DeMarcus Cousins' first three years in the NBA have gone exactly as many expected they would: tantalizing glimpses of his incredible potential often hidden by his sullen on-court demeanor and frequent off-court incidents.
On Tuesday, he sat down with Chris Mannix of Sports Illustrated for a wide-ranging conversation about his experience in Sacramento, which included several eyebrow raising passages:
I don't know what I did in college that was so bad to get that reputation. OK, there is footage of me and Coach Cal going at each other. That happens in sports. Coming into the league, everyone said I was going to be fat, I was the next Oliver Miller. I had all these red flags. I just feel I was never given a fair chance coming in.
[The Kings] wanted to get to know me but they were scared because of my reputation. I felt like it was bad on their part. I'm your player and you don't take the time to get to know me? You just go by what the rest of the world says?
It's hard to know what exactly he means by that. Members of the Sacramento organization interact him with him all the time, surely they've gotten to know him a little over the last three years? If by osmosis, if nothing else.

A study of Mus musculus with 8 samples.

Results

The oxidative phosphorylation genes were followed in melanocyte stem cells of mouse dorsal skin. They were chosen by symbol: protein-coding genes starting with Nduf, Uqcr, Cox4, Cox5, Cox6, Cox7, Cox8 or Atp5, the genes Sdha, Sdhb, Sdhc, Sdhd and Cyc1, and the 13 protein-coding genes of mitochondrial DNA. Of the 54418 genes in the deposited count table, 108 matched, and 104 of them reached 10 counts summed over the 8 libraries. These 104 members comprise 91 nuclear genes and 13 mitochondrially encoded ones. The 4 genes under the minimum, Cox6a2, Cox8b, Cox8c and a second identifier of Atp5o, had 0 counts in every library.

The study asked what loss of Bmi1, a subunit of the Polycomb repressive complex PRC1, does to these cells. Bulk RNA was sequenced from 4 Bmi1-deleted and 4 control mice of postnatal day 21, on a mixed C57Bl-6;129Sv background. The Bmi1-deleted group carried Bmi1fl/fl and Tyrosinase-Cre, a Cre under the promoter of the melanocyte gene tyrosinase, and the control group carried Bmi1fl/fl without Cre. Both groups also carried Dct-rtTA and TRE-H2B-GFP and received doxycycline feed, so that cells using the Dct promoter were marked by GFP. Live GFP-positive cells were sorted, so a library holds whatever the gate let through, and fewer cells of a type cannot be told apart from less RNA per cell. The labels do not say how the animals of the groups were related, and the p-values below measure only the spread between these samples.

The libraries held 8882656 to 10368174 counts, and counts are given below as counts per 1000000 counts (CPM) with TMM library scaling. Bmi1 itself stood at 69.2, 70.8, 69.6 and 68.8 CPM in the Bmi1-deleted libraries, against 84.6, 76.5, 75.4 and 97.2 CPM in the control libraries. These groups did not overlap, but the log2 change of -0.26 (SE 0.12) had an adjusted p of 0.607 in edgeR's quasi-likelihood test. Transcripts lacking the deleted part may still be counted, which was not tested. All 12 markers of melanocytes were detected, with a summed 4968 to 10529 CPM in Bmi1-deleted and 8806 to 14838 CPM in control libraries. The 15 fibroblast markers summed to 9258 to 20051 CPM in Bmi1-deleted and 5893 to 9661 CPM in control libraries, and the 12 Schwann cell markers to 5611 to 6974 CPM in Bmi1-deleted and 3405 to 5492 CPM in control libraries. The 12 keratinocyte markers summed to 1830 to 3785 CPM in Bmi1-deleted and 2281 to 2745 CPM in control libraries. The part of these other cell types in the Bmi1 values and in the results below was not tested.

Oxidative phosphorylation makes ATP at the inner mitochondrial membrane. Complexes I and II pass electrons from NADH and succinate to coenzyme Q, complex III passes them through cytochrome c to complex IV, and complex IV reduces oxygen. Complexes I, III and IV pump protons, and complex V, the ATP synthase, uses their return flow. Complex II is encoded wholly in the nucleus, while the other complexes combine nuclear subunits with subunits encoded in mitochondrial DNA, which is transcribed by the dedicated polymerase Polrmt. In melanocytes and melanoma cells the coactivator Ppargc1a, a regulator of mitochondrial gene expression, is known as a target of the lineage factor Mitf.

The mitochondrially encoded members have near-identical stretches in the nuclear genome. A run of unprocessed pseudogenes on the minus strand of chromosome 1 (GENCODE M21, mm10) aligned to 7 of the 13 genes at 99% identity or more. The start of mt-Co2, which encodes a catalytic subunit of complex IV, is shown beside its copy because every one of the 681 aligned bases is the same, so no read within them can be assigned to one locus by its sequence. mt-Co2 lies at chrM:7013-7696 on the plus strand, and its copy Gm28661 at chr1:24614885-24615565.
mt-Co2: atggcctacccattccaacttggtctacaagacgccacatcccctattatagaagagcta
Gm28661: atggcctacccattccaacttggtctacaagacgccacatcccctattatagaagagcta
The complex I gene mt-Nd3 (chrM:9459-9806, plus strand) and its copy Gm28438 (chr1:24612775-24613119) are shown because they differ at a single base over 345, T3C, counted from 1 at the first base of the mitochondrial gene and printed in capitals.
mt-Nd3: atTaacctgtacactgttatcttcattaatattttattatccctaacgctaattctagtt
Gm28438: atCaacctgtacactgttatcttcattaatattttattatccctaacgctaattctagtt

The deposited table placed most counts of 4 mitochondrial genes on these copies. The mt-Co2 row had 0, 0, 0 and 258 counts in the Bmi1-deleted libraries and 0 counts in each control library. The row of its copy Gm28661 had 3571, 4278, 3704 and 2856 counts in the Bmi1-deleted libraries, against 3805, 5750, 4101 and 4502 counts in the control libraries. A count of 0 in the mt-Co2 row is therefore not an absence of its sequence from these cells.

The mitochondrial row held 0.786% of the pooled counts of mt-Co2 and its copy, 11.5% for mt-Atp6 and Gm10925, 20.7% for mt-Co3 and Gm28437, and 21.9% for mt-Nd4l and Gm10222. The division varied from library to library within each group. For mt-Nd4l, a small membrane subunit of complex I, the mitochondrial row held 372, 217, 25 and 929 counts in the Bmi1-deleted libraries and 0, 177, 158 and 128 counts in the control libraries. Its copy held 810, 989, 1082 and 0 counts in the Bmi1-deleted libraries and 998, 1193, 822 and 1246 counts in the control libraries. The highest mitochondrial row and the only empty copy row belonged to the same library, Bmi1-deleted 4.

Here's what's likely to drive the Kings insane. Cousins admits that he has a problem controlling his temper:
It can be a simple thing, like a call going the wrong way, and it takes me all off. I've got a real problem when I know something is wrong or I feel something is wrong, I'm going to speak about it. I get it from my mother. It's a problem I have. I don't want to say I want to change it because it helped me get where I am. But at the same time, I have to learn to be quiet.
Yet, in the very next breath, he calls it an "insult" that Sacramento suggested he go to counseling about it:
I took it as an insult. That's another thing, our organization doesn't even know me. They were looking for an excuse. I don't believe that is the way to solve issues. I'm an emotional guy. It's as simple as that.
Let's follow the logic here. He admits he has a problem and that he hasn't done a good job of dealing with it, but he's adamant that he doesn't want any help fixing it.
For everyone's sake, let's hope that things in Sacramento get patched up so that their franchise big man is no longer the DeMarcus Cousins the Kings used to know.